You are the light of the world
So why is your world so gray?
— Jonathan Richman

Every now and then we experience something that escapes analysis. A miracle, if you will. Epiphanies often come on the heels of an experience that takes us out of our mundane day-to-day. Be they joyous or tragic, these moments help us to feel the weight and urgency of life. To experience them in perpetuity would be too much for anyone to bear — like staring into the sun for more than a moment — but they serve a purpose in heightening the senses. In these moments of the miraculous, talk is cheap. Words often fail.

Shortly after having his first baby, a poet friend of mine was describing fatherhood. He’s a gifted writer so I was expecting him to say something profound about the circle of life, but he offered nothing of the sort. “Not everything has to be a metaphor,” he said. His point was that a baby can be a wonder in and of itself. You can’t extract anything more from it. Its eyes opening, its neck craning, its brow furrowing was meaningful enough. No further commentary needed.

There’s a scene in C. S. Lewis’ brilliant novel The Great Divorce in which the narrator encounters two characters — one, a gray ghost, someone who has died but has yet to accept the terms and conditions of Heaven, and the other, a shining figure who has been transformed into a divine version of his earthly self. The gray ghost is an intellectual. He is cultured, dignified, and well-read. In response to everything the shining figure has to say about the afterlife, he offers a philosophical quip or some highbrow jargon. “Well, this is extremely interesting,” he says. “It’s a point of view. Certainly, it’s a point of view. In the meantime …” Finally, the shining figure intervenes:

“There is no meantime! All that is over. We are not playing now. I have been talking of the past (your past and mine) only in order that you may turn from it forever. One wrench and the tooth will be out. You can begin as if nothing had ever gone wrong. White as snow. It’s all true, you know. You have seen Hell: you are in the sight of Heaven. Will you, even now, repent and believe?”

“I’m not sure that I’ve got the exact point you are trying to make,” said the ghost.

“I am not trying to make any point,” said the Spirit. “I am telling you to repent and believe!”

The Spirit offers no roundtable discussion, no FAQ tab, no qualifiers. “I will bring you to the land not of questions, but of answers,” he tells the ghost. “And you shall see the face of God.”

I should add that C. S. Lewis makes it clear that this character happens to be an Episcopalian. Being the intellectual that he was, I wonder if he was from Charlottesville, Virginia. He sounds like someone I know. He probably reads the New Yorker. The cerebral, navel-gazing verbiage of the gray ghost is all-too-familiar in my own life.

Theorizing the gospel isn’t morally wrong, but it can often distract from the real matter at hand. To our detriment, we clothe the mind as much as we do the body. Not only do we prefer to be the gray ghost rather than the shining figure, but we often have little choice over the matter. The mirror in which we see darkly has a tendency to make everything look gray. It’s tempting to play the role of the curious agnostic, eternally debating whether or not something is true. The physiologist Claude Bernard once said, “The investigator should have a robust faith — and yet not believe.” It may, in fact, be easier to only believe in what you fully understand. But hoping to understand what you believe proves more rewarding. After all, the truth is indifferent toward whether or not you have the right words to describe it.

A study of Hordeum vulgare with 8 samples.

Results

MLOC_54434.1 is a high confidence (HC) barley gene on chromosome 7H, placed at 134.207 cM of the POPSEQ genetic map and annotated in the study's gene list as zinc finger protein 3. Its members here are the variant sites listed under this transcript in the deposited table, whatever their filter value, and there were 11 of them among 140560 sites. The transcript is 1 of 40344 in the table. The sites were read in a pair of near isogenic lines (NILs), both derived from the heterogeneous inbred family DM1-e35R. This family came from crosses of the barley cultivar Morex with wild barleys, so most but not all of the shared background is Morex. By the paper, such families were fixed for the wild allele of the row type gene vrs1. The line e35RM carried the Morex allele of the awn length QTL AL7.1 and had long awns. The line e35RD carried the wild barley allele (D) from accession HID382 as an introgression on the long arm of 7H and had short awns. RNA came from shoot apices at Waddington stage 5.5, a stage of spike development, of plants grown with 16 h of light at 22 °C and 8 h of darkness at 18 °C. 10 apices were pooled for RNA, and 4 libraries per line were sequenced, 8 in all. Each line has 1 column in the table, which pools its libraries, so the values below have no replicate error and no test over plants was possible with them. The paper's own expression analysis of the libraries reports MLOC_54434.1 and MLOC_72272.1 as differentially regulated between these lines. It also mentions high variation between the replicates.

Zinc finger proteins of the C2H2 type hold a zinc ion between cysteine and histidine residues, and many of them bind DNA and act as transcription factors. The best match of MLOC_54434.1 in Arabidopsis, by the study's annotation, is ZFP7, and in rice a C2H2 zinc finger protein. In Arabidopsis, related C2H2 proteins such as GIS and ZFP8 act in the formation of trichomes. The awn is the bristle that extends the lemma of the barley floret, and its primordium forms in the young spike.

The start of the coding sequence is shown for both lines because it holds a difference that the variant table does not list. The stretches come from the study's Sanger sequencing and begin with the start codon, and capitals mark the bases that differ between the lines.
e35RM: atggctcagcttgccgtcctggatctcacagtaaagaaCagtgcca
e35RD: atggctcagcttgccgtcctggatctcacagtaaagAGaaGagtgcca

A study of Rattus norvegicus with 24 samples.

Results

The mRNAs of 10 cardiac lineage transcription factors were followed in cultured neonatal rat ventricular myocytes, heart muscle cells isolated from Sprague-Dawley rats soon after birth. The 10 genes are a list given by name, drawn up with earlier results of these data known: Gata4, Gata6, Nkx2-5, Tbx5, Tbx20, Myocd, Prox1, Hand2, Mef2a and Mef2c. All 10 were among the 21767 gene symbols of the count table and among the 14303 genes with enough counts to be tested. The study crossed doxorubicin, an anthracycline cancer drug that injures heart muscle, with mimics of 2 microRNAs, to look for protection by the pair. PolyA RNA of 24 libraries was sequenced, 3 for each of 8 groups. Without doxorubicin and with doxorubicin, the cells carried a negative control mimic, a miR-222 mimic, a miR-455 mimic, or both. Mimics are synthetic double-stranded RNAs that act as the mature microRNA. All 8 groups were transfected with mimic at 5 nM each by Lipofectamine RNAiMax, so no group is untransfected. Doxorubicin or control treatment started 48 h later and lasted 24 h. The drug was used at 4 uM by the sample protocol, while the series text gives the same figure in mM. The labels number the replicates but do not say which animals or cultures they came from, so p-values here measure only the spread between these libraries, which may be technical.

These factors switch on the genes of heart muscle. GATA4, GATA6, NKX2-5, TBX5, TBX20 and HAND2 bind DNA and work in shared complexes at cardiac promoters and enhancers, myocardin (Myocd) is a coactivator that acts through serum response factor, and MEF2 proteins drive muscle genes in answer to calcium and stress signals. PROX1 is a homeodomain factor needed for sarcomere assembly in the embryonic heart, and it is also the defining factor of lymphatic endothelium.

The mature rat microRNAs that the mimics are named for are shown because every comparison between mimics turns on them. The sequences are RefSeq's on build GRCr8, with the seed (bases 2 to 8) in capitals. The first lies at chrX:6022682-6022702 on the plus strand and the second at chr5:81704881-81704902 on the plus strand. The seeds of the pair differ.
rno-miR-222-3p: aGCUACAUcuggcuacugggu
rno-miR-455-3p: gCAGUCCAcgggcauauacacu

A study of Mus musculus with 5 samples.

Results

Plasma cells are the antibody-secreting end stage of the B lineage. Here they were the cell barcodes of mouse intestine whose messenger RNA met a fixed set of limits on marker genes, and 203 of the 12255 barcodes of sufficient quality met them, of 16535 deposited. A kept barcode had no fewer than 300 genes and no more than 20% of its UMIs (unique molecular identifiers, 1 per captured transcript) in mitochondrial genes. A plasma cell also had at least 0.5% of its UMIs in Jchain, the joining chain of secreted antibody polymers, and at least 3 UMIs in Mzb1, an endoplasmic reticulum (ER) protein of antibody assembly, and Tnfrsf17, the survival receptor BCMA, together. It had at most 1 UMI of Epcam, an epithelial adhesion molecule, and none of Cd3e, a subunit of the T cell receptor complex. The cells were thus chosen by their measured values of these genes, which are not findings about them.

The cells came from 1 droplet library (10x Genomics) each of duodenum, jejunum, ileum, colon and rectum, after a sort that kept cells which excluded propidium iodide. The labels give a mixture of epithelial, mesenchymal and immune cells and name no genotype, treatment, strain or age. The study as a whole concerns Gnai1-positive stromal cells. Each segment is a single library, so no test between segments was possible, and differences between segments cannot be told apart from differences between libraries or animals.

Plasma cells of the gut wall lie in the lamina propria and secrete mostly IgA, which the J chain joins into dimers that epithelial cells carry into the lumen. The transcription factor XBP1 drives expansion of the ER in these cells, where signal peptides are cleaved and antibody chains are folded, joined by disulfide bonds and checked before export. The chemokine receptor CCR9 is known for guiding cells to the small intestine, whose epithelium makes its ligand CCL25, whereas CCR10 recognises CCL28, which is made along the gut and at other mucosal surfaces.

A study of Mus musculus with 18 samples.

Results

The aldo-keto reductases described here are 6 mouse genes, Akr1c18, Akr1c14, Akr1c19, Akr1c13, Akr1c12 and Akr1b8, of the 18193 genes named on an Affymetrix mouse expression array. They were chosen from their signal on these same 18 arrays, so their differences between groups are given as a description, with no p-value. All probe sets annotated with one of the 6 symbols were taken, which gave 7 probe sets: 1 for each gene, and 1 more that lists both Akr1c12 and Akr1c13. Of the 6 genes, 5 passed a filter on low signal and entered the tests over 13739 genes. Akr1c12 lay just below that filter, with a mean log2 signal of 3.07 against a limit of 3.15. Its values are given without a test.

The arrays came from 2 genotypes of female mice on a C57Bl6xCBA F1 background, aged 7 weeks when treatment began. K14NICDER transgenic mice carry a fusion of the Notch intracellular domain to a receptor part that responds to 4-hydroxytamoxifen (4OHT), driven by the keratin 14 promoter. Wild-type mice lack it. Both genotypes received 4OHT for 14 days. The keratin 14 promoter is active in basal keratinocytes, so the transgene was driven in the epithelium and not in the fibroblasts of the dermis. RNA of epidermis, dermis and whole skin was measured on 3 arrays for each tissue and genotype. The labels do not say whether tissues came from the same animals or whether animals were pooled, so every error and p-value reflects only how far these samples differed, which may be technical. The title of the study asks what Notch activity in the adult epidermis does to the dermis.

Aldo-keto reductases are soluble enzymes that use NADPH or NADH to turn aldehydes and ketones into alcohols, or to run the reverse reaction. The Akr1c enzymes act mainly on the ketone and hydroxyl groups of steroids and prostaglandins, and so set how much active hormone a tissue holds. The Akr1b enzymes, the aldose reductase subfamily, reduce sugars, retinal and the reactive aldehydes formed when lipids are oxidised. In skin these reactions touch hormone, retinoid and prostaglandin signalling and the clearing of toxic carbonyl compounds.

The gospel is news, not a philosophy. It is a fact rather than a point of debate. It is a person rather than an idea: a miraculous incursion of normalcy amid the chaos of life. Jesus is not a key that unlocks the door to enlightenment. He is the door! He is your justification. He is not a mere idea, but the Lamb of God who takes away the sins of the world. Ideas do not have the power to save us from sin and death. Ideas can be forgotten, ignored, misused, and misunderstood, fading into the gray of every other thought we come across.

The gospel is the sort of mystery that retains its power regardless of our comprehension. It is not a passing fad or a movement that will wane over time. It can withstand being talked about till you’re blue in the face. You may lose interest over time, but its truth will never be diminished.

Jesus was (and is) a miracle beyond the gray world of ideas. Amidst all of the attention The Jefferson Bible has been getting, James Parker’s earlier piece in the Atlantic stands out as a beautiful reminder of Jesus’ otherworldly qualities amidst his humanness. Christ is not only the friend of sinners, but a figure that cannot be pinned down by the philosophers and the moralists. His words and actions are not merely “interesting,” but completely confounding:

Personally, not being Thomas Jefferson, I need Jesus and his miracles and his divine nature — I need the celestial reverb that they give to his words. Mystery, wonder, confusion — they’re the essence. Like the yeast that leavens the bread, like the treasure buried in the field. Take a razor to that, and you’re in trouble.

There is a prayer from The Great Divorce which is apropos: “Overcome us that, so overcome, we may be ourselves: we desire the beginning of your reign as we desire dawn and dew, wetness at the birth of light.” Thankfully, our prayer has already been answered in Jesus who — take heart! — has overcome the world. The light shines in the darkness and the darkness has not overcome it. In a world of gray, the miracle of the gospel imbues life with radiant colors long enough for us to know that the world is more than grays and black. Rest assured, not only can we trust that Jesus himself will somehow shine through, we can have confidence that he already has.